Experimenting with various soap ingredients is part of what makes soap making so much fun. In addition to scent and shape, adding color to soapy creations gives your product personality and flair. Luckily there are plenty of colorants to choose from, including LabColors, pigments, micas and natural colorants such as clays. If you prefer to use natural colorants, madder root powder is a great orange-red colorant option for both cold process and melt and pour soap.
A plant species in the genus Rubia, madder (INCI: Rubia tinctorum) is a climbing plant with small flowers and long roots. Madder root has been used for centuries as a dye for textiles and cosmetic products. Traces of madder have even been discovered in the tomb of the Pharoah Tutankhamun and in the ruins of Pompeii. The FDA requires approved cosmetic colorants to be used when specifically coloring cosmetics. Because madder root has not been approved as a cosmetic colorant, it should be used in soap for its herbal properties and not its inherent coloring ability. Madder root is considered not safe for infant products so do not use madder root with baby products.
Rubia tinctorum contains the organic compound alizarin, which give the roots their deep red color. Alizarin is also used to create madder lake pigments, which are sometimes referred to as rose madder and alizarin crimson. Madder lake has been used for centuries by painters to give their pieces rich red tones. In 1869, alizarin became the first natural pigment to be duplicated synthetically.
In soap, madder root powder produces colors ranging from light pink, deep red and mauve. The color it produces depends on the type of soap, the amount used and production variables such heat and application. When using natural herbs in soap, the herbs can be added at trace or infused in the soap making oils for a speckle-free look. Some natural herbs such as indigo powder, benefit from reconstituting the powder in your lye solution.
To demonstrate the hues madder root produces, various usage rates were tested in both cold process and melt and pour soap. In this experiment, the madder root was dispersed in sweet almond oil at a rate of 1 tsp. madder root powder, to 1 tbs. sweet almond oil. A mini mixer was used to get rid of any clumps. The madder root mixture was then added to cold process soap during trace. No fragrance was used. The measurement on each soap refers to the amount of madder root mixture used in one pound of soap.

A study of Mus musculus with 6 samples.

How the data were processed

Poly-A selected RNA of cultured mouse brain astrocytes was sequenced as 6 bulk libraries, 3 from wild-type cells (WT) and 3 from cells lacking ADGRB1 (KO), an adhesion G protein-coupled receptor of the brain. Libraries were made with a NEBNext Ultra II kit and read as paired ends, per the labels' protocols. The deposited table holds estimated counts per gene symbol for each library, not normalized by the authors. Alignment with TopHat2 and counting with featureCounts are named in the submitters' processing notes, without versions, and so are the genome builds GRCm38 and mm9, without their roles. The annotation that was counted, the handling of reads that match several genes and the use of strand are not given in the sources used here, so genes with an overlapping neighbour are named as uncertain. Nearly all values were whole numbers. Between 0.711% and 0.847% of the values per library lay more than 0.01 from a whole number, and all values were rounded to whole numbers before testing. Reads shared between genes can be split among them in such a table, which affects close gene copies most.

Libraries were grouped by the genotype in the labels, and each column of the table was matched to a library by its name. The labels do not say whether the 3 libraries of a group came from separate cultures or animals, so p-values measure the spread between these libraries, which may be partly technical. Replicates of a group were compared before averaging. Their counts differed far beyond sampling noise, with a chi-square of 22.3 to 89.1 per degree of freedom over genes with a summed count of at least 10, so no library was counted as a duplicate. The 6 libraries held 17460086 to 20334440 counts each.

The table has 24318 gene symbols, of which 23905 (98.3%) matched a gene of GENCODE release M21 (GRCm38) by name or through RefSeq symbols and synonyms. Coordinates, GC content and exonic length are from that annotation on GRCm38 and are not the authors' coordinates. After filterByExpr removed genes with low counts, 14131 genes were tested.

As you can see, heat plays a huge role in the color of madder root powder! In the first photo, the soap was placed on a heating pad and insulated to promote gel phase. In the second photo, the soap was not insulated and kept at room temperature. Going through gel phase produced a red hue, while the non-gelled soap is more mauve. Because the color was added at trace and not infused, the soap does have small speckles.
Gel phase has a similar effect on soap containing LabColors, micas and pigments; the colorants become much brighter, and the soap has a more translucent look. If you’d like more information regarding gel phase, check out the Jazzed About Gel Phase blog post. In particular, this blog post demonstrates the affect of gel phase on LabColors.
Below, madder root powder was added to clear melt and pour base and white melt and pour base. The madder root powder was dispersed in 1 tsp. madder root to 1 tbs. 99% isopropyl alcohol, and a mini mixer was used to help remove large clumps. The madder root mixture was added to melted soap. The measurement on each soap refers to the amount of madder root mixture used in one pound of soap.
When used in white melt and pour, madder root powder gives a range of pink hues. In clear melt and pour, madder root powder results in more orange, deep red tones. Both are beautiful, rich colors. To help the madder root speckles suspend evenly, pour the soap no warmer than 125 °F.
Looking for more information on using natural colorants? Check out the Sunday Night Spotlight: Natural Colorants blog post! Do you have a favorite natural colorant? I would love to hear your tips and tricks for using it!